On Earned Equality

I’ve been thinking a lot about the inherent flaws of bootstrap equality, especially within the publishing sphere.  If you aren’t familiar with the term, bootstrap equality believes that those from marginalized spheres should lift themselves up by hard work.  It’s complete and utter bullshit for several reasons, mostly because it ignores the very real impact of systemic oppression while at the same time implying that marginalized groups have only themselves to blame for their problems.  Ideas of justice that rely heavily on bootstrap equality are at their heart discriminatory because they intimate that marginalized groups are inherently lesser, and therefore need to work harder to be equal to the majority.

The past two weeks have been chock full of established authors and influential librarians playing off of ideas of bootstrap equality via their criticisms of the objections made by people from marginalized groups.  More marginalized voices within publishing have become more open about objecting to problematic content and this is a good thing.  But the more people speak up, the more certain elements of the publishing establishment push back, usually with some variation of “Well, I guess you won’t get any representation, now, since you keep complaining about the representation we gave you.”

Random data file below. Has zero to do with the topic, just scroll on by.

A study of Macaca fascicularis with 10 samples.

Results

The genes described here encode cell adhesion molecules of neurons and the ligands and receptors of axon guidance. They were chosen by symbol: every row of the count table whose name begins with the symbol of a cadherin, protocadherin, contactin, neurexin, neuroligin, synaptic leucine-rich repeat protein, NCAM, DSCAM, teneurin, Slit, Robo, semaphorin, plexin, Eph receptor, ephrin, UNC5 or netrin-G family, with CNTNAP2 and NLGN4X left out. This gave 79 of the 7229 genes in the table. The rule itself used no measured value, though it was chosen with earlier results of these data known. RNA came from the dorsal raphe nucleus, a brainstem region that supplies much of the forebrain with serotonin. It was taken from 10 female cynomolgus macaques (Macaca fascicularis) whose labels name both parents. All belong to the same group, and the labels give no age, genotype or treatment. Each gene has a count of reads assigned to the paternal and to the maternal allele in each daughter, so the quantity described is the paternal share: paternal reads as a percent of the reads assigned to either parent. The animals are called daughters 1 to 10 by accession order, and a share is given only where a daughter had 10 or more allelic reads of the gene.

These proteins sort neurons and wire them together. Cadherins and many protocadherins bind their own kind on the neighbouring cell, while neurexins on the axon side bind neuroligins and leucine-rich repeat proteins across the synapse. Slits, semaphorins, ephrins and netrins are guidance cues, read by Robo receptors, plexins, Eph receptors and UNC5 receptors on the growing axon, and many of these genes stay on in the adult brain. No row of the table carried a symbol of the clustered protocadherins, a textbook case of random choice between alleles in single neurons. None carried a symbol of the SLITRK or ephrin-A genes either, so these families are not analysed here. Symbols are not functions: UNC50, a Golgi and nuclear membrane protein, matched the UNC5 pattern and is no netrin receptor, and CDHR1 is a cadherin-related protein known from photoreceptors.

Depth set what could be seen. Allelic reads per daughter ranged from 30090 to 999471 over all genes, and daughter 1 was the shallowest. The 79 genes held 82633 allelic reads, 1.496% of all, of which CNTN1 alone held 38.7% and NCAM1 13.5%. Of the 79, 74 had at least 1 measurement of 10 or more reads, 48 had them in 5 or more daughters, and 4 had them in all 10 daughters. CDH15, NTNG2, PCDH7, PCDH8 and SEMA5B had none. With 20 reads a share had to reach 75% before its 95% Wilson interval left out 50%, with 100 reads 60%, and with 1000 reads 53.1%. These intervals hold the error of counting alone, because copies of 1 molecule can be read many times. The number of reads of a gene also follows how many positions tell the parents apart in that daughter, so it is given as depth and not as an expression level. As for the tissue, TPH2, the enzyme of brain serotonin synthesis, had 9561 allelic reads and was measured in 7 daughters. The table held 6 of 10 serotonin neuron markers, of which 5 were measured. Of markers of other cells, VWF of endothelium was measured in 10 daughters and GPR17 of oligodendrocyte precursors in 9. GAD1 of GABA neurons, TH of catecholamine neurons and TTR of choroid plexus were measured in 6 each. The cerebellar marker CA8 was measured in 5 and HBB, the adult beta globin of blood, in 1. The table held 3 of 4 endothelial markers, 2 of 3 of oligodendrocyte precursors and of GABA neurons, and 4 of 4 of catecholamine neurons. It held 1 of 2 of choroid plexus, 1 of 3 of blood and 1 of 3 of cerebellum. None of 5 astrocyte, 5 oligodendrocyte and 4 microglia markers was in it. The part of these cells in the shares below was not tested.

This, quite frankly, is bananapants.

The subtext here is that marginalized voices have not earned the right to quality representation, a right that was pretty much given freely to those in the majority.  If underrepped voices are equal to those in the majority, why should we have to earn a place to have our stories told and promoted and read?

Not only that, the objections here aren’t to being included, but the fact that the stories have been told by people who clearly didn’t consider the impact of their words on marginalized groups.  Sometimes, your help is not helpful.  This is akin to giving a starving man maggot-filled meat while you sit in front of a buffet.  To tell marginalized groups that they should be happy with shitty representation is saying that marginalized people don’t deserve to be represented at all.  It’s blatant discrimination, plain and simple.

Let’s be honest: people within the majority do not have the solution for better representation within kidlit.  You can’t depend on people who already benefit from an established system to fix the system.    It’s up to the well fed to listen to what the starving need.

When marginalized voices criticize, instead of complaining about all the yelling and the noise, listen to WHAT they’re yelling.  Instead of sniffing at tone, listen to the WORDS, consider the critiques and examine why you don’t share those opinions.

I guarantee you will learn something.